The Science of Sun Burn

The Naked Scientists spoke to Dr Anna Nicolaou, University of Bradford
16 July 2006

Interview with 

Dr Anna Nicolaou, University of Bradford


Chris - What is sunburn?

Anna - Sunburn is damage to the skin to the extent that you overwhelm the natural defence of the skin. In the same way that you get burnt when you go very close to a naked flame or a hot hob, it's the same way if you expose yourself to radiation from the Sun. It has a lot of energy.

Chris - Because it's all down to UV isn't it? So what's the difference between UVA and UVB and you even hear people talking about UVC? What is that?

Anna - The Sun sends to Earth different types of energy in different forms of radiation. We're quite lucky that the atmosphere blocks the most dangerous one: UV form C. But UV radiation form B travels through the atmosphere. It carries a lot of energy and mainly causes sunburn and gives cancer eventually.

Chris - So when the UV hits our skin, what's it actually doing to provoke burning and subsequent skin cancer?

Anna - It stimulates a natural process, a natural defence system in our bodies called inflammation. All this redness you get and the pain and sometimes swelling is a result of inflammation. Your body is trying to compensate for this damage that has happened to the skin. This is called inflammation and the redness and everything that comes with it are the classic symptoms. This is how we exhibit sunburn to start with.

Chris - Are some people more prone than others?

Anna - They are indeed, and we don't quite know why this is. We know that some people tan and that some people burn. We know that if some people spend half an hour in the sun, the next day they will have a nice brownish colour. Other people will be red like a tomato. It's all down to the natural ability of our skin to produce a dye that is called melanin. This is produced by a type of cell called a melanocyte, which we all have normally in our skin. But in some of us they give a nice pigment and you tan and in others of us they don't seem to be doing the same job and we get more red. We still don't know what it is that makes these melanocytes behave differently from person to person.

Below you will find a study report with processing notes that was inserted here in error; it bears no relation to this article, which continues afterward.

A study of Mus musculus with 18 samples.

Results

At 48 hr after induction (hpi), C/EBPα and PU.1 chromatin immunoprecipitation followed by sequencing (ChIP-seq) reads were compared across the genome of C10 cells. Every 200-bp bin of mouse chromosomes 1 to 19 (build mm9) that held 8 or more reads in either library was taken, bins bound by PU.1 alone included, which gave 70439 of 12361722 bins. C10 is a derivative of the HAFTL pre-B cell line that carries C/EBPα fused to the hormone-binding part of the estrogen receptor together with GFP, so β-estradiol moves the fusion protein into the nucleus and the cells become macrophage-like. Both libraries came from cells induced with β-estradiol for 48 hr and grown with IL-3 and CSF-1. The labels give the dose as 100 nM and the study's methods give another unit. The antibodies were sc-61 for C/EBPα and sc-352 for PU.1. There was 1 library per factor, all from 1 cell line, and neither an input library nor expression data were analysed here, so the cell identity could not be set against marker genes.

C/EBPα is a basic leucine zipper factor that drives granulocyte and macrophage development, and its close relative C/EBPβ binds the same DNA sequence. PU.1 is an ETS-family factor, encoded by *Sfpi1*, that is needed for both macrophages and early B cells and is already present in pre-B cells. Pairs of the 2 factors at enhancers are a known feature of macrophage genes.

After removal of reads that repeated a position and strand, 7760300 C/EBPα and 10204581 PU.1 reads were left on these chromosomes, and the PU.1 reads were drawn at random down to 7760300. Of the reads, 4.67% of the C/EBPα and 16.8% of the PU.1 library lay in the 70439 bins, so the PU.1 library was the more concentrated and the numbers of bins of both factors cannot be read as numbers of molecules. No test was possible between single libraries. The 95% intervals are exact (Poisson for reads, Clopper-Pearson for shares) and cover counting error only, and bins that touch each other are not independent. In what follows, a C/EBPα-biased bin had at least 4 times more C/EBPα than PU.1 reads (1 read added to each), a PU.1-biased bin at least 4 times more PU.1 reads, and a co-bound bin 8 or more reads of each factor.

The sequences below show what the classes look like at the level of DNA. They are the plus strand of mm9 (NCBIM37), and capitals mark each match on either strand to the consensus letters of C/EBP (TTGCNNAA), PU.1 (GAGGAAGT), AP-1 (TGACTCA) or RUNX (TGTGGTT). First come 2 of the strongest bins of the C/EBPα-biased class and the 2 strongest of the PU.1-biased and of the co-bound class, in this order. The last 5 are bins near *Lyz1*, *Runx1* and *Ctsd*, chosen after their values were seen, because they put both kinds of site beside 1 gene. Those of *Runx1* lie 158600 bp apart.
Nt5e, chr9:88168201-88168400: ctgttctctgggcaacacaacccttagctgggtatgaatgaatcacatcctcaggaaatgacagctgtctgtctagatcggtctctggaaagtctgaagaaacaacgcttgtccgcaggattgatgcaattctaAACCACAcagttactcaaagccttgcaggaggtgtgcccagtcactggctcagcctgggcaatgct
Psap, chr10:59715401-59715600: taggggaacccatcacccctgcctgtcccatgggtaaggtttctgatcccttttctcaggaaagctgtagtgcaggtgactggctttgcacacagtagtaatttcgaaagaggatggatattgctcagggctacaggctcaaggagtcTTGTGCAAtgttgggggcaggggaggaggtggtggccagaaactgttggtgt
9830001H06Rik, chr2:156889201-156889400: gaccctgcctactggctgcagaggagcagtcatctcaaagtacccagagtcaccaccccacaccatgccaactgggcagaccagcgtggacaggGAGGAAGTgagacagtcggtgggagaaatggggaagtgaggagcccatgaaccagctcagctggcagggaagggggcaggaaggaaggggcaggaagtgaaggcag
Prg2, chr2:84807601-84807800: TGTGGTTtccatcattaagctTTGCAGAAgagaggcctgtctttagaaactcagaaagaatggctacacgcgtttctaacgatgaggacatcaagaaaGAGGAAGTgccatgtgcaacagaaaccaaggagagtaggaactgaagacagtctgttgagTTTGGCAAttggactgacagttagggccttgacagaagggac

Chris - Your research is looking specifically at prostaglandins. What are they and what's their role in this?

Anna - Prostaglandins are some small compounds that our system is producing to show inflammation. To give you an example, you have a headache and you attribute pain. It's because inflammation is happening. You have an aspirin and you block the headache. So prostaglandins are this naturally occurring compound that causes inflammation and makes you feel bad. This is what we're trying to relate to the melanocyte.

Chris - So just in the last few seconds, what about aspirin and things? What's your research going to hopefully achieve?

Anna - Hopefully we'll be able to see why it is that some people burn instead of tanning, and we'd eventually like to develop a drug or therapy or something like aspirin that people can take and stop this redness occurring. Or we could give them some advice to prevent them from getting in this painful situation.